The Central government on Monday signed an accord with the banned Assam-based insurgent group National Democratic Front of Boroland (NDFB) providing political and economic bonanza to the tribals, sans the outfit’s key demand of a separate Bodoland state or union territory.
The tripartite agreement was signed in the presence of Union Home Minister Amit Shah, Assam Chief Minister Sarbanand Sonowal and four factions of the NDFB.
The NDFB factions were led by Ranjan Daimari, Govinda Basumatary, Dhiren Boro and B Saoraigra.
The All Bodo Students’ Union (ABSU), which has been spearheading a movement for a Bodoland state was also signatory to the accord.
Following the major move, Home Minister Amit Shah said the “historic” agreement will “ensure a golden future for Assam and for the Bodo people”.
As per the agreement, Shah said that 1550 cadres along with 130 weapons will surrender on January 30.
Shah said the agreement will fulfil political and economic demands besides safeguarding the Bodo language and culture. As the Home Minister, he also assured all the representatives that all promises will be fulfilled in a time-bound manner.
Assam minister Himanta Biswa Sarma informed that all stakeholders of Bodo society have signed the agreement reaffirming the territorial integrity of Assam.
Government officials had earlier told PTI that the Home Minister wants peace to return to Bodo-dominated areas in Assam and therefore is keen to conclude the accord as early as possible to end the insurgency. The pact will provide political rights, some economic package to the Bodo tribals living in Assam. Besides, the government will assure the Bodo groups to safeguard the Bodo language and culture and related matters.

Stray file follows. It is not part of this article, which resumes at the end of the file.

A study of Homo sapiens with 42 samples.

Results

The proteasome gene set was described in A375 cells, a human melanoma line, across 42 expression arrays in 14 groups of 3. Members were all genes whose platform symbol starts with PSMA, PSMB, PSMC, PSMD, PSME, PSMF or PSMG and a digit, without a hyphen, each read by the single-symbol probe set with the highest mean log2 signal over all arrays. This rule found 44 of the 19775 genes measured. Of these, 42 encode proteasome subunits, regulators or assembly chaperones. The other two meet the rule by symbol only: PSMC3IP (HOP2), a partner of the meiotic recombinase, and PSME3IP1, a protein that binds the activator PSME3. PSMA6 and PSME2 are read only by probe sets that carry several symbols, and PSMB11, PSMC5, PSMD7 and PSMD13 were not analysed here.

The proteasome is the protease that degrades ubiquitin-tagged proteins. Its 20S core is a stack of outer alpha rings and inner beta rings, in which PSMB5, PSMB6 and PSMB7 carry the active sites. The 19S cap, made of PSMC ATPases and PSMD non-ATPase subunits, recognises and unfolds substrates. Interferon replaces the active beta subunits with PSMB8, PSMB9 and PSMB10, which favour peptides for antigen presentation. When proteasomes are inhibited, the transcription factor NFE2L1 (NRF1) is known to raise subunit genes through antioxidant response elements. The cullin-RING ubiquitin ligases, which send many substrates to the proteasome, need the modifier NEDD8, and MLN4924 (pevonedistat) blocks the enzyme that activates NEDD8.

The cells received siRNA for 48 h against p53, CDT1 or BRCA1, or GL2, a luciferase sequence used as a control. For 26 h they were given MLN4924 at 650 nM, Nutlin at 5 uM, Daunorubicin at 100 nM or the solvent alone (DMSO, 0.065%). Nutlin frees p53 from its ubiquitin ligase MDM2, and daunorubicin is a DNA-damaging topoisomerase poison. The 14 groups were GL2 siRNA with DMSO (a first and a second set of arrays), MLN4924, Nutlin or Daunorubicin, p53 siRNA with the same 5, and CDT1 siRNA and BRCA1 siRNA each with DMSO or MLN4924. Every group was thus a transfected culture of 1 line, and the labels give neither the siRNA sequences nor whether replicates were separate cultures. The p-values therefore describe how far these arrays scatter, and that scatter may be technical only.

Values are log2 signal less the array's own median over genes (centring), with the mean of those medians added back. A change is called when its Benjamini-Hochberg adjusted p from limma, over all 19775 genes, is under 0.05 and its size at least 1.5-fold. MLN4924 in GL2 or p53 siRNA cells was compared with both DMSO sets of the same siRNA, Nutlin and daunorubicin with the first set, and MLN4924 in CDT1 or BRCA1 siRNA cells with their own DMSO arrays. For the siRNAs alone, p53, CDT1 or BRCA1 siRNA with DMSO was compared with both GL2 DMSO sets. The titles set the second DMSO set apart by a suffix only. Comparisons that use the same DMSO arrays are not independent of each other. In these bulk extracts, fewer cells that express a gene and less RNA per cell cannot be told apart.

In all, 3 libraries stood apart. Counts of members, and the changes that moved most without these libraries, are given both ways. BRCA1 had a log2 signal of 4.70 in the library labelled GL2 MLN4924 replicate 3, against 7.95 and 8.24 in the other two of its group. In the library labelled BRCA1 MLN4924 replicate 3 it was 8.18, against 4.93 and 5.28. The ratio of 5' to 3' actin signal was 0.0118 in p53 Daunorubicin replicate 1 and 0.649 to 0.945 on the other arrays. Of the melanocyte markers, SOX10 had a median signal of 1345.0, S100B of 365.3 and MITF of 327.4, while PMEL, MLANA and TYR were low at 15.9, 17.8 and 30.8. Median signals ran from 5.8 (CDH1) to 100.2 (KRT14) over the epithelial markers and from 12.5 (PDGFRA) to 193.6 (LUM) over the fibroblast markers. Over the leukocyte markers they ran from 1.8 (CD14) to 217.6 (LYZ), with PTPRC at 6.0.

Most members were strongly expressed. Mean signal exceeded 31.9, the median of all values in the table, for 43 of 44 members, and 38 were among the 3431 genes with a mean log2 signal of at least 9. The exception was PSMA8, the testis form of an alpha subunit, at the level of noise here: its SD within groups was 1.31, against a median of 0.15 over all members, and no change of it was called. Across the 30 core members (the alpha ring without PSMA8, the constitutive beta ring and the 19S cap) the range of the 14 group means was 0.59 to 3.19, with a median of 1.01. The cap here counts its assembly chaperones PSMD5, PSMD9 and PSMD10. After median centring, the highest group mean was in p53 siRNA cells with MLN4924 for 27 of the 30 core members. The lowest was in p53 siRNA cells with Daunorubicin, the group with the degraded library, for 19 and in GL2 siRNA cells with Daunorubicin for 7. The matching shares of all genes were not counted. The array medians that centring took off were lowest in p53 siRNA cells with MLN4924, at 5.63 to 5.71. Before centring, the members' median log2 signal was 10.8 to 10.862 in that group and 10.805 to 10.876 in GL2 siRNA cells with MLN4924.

However, it was made clear that the territorial integrity of Assam will be maintained and the key demand of the NDFB, which is either a separate state or a UT, is not going to be entertained.
“The accord will be within the framework of the Constitution without splitting the state,” a government official has said earlier.
This is the third Bodo accord to be signed in the last 27 years when the violent movement for a separate Bodoland state claimed hundreds of lives, destruction of public and private properties.
The first Bodo accord was signed with the All Bodo Students Union (ABSU) in 1993, leading to the creation of a Bodoland Autonomous Council with limited political powers.
In 2003, the second Bodo accord was signed with the militant group Bodo Liberation Tigers (BLT), leading to the formation of a Bodoland Territorial Council (BTC) with four districts of Assam—Kokrajhar, Chirang, Baska and Udalguri—called the Bodoland Territorial Area District (BTAD).
The demand for a separate state for the Bodos has been going on in Assam for about five decades and several Bodo overground and militant groups raising it leading to agitations, protests, violence and many deaths.
The NDFB continues to be a banned outfit.
Some NDFB militants were also part of the 644 militants who surrendered in Guwahati on Thursday before Chief Minister Sonowal.
As many as 644 militants, belonging to eight banned outfits of Assam — ULFA(I), NDFB, RNLF, KLO, CPI(Maoist), NSLA, ADF and NLFB — laid down their arms in the presence of the Chief Minister. They deposited 177 firearms, a huge cache of ammunition and other explosives.
Welcoming insurgents to the mainstream, Sonowal had called upon them to contribute in the process of nation-building.